Los Angeles prosecutors announced felony charges Tuesday in connection with a deadly COVID-19 outbreak that occurred at an upscale assisted living facility early in the pandemic.
The charges, which include felony elder endangerment, follow a two-and-a-half-year investigation into the outbreak at the Silverado Senior Living Management facility, LA County District Attorney George Gascón said during a press briefing Tuesday.
Sixty residents and 45 employees at Silverado Beverly Place contracted COVID-19 in what Gascón called "one of the worst outbreaks of COVID-19" in an assisted living facility in California. Thirteen residents and a nurse died, Gascón said.
The investigation began following the death of the staff member, identified as 32-year-old Brittany Ringo.
Prosecutors allege Silverado admitted a new resident on March 19, 2020, despite protocols at the time limiting outside visitors, including patients. The facility also allegedly failed to test the patient for COVID-19 or quarantine the patient for 14 days prior to admission, as required by health protocols, according to prosecutors. The new patient began showing COVID-19 symptoms a day after arrival and tested positive for the virus that evening, according to Gascón.
Ringo was allegedly ordered to admit the new resident, who had come "directly to the facility from the airport" from a COVID-19 "hotspot" in New York City, Gascón said. She tested positive for COVID-19 on March 25, 2020, and died on April 20, 2020, according to the district attorney.
"We have evidence to support that the protocols were not followed due to financial considerations of accepting this patient from New York," Gascón said. "We believe that Silverado put the interests and financial gain in profit over the safety considerations for their patients and employees."
Silverado Senior Living Management and three managers -- CEO Loren Shook, administrator Jason Russo and Kimberly Butrum, a vice president -- have been charged with 13 counts of felony elder endangerment and five felony counts of violation causing death in connection with the COVID-19 outbreak, prosecutors said. Arraignment was expected Tuesday.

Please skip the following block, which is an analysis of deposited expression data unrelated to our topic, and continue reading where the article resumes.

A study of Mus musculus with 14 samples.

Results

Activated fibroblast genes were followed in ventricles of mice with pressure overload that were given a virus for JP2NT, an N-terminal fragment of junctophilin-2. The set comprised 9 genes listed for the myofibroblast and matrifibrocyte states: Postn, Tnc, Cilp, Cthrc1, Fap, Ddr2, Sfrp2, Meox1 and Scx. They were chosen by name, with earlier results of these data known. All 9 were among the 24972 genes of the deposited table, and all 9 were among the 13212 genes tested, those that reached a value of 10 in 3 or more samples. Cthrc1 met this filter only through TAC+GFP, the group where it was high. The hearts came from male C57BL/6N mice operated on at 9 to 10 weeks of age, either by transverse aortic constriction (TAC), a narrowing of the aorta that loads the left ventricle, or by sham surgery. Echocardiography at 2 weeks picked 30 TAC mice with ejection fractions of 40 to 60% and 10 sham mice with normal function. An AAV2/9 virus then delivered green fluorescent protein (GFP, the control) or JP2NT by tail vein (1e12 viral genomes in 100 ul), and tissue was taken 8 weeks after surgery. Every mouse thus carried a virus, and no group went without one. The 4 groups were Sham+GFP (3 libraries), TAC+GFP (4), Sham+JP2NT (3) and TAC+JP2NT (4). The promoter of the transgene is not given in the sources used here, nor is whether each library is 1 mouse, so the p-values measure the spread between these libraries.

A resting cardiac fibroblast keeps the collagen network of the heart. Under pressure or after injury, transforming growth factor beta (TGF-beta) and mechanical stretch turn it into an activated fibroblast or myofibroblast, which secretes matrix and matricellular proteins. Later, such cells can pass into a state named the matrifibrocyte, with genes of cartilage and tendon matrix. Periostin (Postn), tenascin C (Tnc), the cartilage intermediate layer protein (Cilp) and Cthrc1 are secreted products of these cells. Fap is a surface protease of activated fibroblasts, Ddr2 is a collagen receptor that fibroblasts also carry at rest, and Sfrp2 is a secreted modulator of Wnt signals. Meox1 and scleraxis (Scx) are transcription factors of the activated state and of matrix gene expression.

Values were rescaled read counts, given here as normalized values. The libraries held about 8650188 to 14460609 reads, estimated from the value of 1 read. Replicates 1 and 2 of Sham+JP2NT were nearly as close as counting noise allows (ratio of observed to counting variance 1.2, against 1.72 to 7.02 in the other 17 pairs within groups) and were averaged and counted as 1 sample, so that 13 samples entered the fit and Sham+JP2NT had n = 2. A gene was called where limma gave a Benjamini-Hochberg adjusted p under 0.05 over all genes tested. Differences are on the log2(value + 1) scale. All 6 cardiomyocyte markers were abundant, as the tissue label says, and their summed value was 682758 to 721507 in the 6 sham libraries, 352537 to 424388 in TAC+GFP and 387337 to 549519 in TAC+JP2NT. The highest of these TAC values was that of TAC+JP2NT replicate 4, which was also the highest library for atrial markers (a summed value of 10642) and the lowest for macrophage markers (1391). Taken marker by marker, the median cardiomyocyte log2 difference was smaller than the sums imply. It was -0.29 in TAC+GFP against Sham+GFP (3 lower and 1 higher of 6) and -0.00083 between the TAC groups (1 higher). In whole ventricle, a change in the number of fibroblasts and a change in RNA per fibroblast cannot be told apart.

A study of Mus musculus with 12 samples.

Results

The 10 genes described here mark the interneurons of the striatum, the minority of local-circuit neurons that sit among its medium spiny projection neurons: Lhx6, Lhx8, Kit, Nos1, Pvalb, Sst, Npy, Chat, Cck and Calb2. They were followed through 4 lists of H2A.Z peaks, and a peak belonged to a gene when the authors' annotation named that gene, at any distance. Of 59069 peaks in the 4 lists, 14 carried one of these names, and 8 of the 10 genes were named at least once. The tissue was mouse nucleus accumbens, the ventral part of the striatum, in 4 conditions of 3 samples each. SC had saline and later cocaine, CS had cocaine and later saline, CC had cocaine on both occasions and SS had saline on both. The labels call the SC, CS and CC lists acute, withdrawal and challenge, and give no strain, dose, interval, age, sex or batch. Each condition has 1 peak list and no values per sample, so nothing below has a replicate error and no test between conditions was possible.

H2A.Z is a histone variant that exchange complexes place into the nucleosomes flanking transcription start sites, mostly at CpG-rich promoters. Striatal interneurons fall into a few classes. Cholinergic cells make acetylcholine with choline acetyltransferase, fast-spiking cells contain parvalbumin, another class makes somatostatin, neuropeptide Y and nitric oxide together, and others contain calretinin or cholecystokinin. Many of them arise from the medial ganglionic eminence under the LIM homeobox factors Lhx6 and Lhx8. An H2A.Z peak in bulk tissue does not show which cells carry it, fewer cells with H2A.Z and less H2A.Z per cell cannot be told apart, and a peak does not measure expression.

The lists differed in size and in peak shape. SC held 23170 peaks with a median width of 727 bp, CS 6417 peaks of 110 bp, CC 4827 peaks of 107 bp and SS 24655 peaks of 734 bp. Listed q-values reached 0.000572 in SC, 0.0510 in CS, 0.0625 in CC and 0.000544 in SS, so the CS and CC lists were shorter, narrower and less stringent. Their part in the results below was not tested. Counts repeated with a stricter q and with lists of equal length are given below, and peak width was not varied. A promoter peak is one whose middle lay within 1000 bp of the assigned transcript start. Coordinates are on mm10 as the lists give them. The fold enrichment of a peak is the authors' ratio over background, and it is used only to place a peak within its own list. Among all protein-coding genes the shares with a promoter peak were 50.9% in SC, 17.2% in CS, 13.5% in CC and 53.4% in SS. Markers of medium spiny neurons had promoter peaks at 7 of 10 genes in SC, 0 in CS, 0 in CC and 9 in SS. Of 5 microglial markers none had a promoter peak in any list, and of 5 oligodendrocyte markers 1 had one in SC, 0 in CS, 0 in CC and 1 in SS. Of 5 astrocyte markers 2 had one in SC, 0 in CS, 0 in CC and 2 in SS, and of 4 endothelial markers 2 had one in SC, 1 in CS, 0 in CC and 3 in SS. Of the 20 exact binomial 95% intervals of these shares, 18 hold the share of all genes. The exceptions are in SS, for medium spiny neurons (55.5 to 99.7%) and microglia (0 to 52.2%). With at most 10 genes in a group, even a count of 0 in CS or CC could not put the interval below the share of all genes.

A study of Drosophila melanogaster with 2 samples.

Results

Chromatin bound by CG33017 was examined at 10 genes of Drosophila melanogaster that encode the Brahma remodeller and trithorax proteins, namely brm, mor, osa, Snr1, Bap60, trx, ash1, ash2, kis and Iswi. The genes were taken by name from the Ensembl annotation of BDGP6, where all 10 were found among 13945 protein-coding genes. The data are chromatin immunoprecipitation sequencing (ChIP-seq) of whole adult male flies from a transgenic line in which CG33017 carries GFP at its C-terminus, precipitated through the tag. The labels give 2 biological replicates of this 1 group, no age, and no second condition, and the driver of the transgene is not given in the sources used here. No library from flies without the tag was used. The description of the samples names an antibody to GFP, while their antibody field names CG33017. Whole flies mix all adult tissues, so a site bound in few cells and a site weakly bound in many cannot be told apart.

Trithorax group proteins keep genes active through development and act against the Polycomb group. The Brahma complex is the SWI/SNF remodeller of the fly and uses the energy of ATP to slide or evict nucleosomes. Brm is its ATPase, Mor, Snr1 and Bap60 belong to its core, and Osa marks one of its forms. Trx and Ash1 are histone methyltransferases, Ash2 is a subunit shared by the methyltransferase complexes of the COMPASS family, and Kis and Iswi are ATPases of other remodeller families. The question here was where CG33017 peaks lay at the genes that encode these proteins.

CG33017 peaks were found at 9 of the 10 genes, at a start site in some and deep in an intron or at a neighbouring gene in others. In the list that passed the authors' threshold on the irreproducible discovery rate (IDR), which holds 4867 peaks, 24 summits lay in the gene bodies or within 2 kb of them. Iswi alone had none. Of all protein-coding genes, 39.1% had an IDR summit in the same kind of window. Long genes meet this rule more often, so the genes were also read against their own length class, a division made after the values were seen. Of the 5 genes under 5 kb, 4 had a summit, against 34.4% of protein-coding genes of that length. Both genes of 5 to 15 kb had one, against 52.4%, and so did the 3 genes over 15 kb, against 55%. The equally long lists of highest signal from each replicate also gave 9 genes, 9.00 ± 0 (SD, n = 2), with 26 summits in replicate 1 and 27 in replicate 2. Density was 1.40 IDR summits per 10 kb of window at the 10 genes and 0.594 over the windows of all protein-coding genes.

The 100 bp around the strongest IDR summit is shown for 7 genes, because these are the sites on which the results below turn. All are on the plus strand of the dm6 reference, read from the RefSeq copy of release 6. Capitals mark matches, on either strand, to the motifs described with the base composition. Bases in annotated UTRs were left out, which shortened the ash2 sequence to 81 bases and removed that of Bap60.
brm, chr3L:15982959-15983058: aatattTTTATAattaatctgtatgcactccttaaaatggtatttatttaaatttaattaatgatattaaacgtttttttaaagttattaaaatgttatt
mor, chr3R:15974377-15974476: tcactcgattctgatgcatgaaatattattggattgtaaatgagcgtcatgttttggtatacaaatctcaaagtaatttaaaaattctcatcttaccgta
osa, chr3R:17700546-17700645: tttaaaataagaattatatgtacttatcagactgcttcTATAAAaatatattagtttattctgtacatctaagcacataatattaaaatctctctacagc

Jeff Frum, Silverado senior vice president and spokesman, told ABC News in a statement that it denies all charges.
"Silverado's top priority is and always has been providing world-class care, respect and dignity to people living with dementia and a caring environment for our associates. We deny all charges filed against us -- they are baseless and egregiously contradict the facts. We look forward to presenting our case during the legal process," he said in the statement.
"We will always grieve the loss of the residents to the pandemic and the frontline hero who cared for them," Frum continued. "We have taken the pandemic extremely seriously since the start. We recognized COVID-19's unprecedented threat to society, particularly for people living with dementia and their caregivers. Silverado was a leader in developing protocols for people living with dementia and many of these same protocols became standards for the entire memory care industry."
At the start of the outbreak, Silverado defended its actions in a statement to the Los Angeles Times.
"Nothing is more important to us than the safety of our residents and the associates who care for them each day, and we're proud of our team's dedication and professionalism during this pandemic," Frum told the paper in March 2020.
The facility specializes in caring for elderly residents with Alzheimer's and dementia, prosecutors said.
The case was treated as an industrial workplace accident, prosecutors said. The investigation, led by the California Division of Occupational Safety and Health, took over two years due to COVID-19 restrictions at the time and due to several employees leaving the facility, prosecutors said.
The charges follow a lawsuit against the facility filed late last year by relatives of several residents and the nurse who died.